It’s easy to understand why they would be afraid of the Assyrians. The favorite pursuit of the Assyrian kings were war and hurting people. They were merciless and savage people. The army was ruthless and effective. They burned cities as well as children. They beheaded people and chopped off hands.

Isaiah was telling them not to be afraid of the Assyrians anymore than they were of the Egyptians. Don’t be intimidated by them.

Isaiah 10:25 continues His word to His people about their enemies: “For yet a very little while and the indignation will cease, as will My anger in their destruction.” He uses the phrase “yet a very little while…” which tells me that no matter what we face it is temporary!

I may not understand your problems, but Jesus does and whatever those problems may be, they are temporary when submitted to Him. It is the same way with revival. Difficult times in the church are temporary; they can be changed when the Anointed One comes on the scene. The point is simple: things do not have to be this way.

Are you tired of the way things are; are you tired of the enemy having control in your life, then something can be done about it if you want.

Then in verse 26 the prophet says of the enemies of Gods’ people: “The LORD Almighty will lash them with a whip, as when he struck down Midian at the rock of Oreb; and he will raise his staff over the waters, as he did in Egypt.”

“Oreb” refers to the oppression of Israel during the time of Gideon. The people of God found themselves tired of fighting. No longer wanting to enter into conflict, they reverted to hiding in caves. They laid down their weapons for the shelter of a hiding place; it was time for fresh oil. The “waters” in this passage refers to the time when Moses lifted his staff over the Red Sea, which parted before Him.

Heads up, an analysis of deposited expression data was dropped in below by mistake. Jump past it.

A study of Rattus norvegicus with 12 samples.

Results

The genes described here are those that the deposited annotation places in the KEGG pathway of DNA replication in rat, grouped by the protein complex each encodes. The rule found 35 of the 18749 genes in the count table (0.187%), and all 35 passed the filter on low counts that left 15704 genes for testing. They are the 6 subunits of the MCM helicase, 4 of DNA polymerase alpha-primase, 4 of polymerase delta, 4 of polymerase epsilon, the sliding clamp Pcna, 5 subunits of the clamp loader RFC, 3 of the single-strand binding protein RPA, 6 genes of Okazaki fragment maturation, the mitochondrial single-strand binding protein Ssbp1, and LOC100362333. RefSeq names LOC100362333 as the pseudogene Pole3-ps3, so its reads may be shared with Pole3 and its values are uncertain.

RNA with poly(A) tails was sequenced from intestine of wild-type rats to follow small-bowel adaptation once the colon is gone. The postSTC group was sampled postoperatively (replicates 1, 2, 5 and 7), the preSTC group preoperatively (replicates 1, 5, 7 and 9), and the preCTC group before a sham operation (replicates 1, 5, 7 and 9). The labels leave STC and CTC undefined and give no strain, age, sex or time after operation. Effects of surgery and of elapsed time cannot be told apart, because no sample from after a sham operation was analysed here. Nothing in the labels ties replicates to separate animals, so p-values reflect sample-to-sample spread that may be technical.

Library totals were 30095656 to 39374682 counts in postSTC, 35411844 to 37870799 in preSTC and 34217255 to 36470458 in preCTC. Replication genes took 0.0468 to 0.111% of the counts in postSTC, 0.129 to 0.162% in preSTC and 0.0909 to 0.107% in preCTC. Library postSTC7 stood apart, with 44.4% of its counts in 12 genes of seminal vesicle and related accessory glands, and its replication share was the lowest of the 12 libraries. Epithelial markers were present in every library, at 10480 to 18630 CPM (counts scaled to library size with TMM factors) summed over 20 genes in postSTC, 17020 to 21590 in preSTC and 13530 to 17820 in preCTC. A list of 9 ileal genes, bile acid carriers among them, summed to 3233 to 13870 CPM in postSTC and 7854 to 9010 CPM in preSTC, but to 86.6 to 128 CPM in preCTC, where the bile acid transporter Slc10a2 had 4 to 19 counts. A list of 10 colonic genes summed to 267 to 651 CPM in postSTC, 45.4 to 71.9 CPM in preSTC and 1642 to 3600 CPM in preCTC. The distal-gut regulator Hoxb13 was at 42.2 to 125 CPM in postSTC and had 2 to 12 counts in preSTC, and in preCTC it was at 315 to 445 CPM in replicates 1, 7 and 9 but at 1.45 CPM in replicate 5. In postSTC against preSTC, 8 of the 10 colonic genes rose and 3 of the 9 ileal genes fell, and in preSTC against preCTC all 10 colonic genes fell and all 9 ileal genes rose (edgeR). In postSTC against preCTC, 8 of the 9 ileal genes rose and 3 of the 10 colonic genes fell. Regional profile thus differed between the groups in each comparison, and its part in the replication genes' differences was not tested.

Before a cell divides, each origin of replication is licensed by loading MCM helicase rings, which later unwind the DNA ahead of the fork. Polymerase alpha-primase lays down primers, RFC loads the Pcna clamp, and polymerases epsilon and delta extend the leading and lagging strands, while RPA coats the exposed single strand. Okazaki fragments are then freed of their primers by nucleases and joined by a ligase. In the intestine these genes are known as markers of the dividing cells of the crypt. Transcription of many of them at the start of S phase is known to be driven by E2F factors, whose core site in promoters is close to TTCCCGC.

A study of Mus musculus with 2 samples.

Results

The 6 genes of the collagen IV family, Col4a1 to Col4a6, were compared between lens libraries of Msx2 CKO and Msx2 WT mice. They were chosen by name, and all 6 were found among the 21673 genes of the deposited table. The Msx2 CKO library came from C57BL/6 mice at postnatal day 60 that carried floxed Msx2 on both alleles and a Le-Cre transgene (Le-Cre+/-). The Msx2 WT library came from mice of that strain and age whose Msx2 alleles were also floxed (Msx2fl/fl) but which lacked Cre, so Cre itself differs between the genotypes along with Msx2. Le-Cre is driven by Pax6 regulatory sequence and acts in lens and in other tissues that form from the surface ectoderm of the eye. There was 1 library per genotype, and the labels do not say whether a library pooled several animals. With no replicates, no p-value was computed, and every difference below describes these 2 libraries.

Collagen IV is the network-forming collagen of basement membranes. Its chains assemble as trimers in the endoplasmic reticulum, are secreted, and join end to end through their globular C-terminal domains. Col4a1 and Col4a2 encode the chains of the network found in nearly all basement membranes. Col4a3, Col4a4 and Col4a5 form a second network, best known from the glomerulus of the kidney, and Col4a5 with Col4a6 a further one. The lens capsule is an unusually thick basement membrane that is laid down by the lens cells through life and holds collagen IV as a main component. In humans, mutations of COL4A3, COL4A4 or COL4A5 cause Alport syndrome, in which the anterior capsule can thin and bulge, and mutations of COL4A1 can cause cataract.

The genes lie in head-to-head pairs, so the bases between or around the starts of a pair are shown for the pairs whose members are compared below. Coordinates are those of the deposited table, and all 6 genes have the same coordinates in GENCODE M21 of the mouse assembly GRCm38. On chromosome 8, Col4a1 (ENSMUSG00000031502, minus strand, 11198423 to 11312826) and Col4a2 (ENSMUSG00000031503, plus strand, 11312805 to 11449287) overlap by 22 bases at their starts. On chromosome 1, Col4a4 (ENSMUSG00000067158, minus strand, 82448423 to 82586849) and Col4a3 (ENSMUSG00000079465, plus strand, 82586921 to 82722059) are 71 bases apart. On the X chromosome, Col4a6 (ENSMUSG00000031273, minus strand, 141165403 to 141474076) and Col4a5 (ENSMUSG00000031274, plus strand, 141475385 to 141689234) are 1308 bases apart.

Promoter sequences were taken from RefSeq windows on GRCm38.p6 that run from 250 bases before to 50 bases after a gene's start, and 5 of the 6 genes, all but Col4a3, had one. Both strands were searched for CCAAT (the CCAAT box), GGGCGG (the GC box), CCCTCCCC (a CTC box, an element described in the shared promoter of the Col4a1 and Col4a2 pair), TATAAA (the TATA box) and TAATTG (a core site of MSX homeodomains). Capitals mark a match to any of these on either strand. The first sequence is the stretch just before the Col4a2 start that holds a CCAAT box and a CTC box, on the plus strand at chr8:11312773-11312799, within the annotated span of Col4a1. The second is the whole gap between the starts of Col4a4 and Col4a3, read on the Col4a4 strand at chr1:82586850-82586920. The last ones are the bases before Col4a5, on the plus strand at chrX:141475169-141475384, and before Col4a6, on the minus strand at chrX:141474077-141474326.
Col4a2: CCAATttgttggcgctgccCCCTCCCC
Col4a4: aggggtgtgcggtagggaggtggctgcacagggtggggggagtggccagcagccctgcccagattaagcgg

Isaiah lays all of this as a foundation to this message in verse 27: “It shall come to pass in that day [of deliverance] that his [the enemy’s] burden will be taken away from your shoulder, and his yoke from your neck, and the yoke will be destroyed because of the anointing oil.”

The yoke is the oldest form of harness. The yoke is a device for linking two or more animals to a cart or plow. Early yokes consisted of curved wooden bars that rested on the shoulders of the animals or where fastened to the horns or necks by metal or rope collars. The yoke was attached to the vehicle by a pole.

Here Isaiah shares the concept of the anointing in a way that every Israelite would understand. Any passerby in Israel could observe two oxen yokes together. In the case of oxen of differing sizes, the smaller ox would simply have to go wherever the larger animal would lead.

The Assyrians were a yoke on the neck and shoulders of Israel. God was going to deliver them from the power of the Assyrians.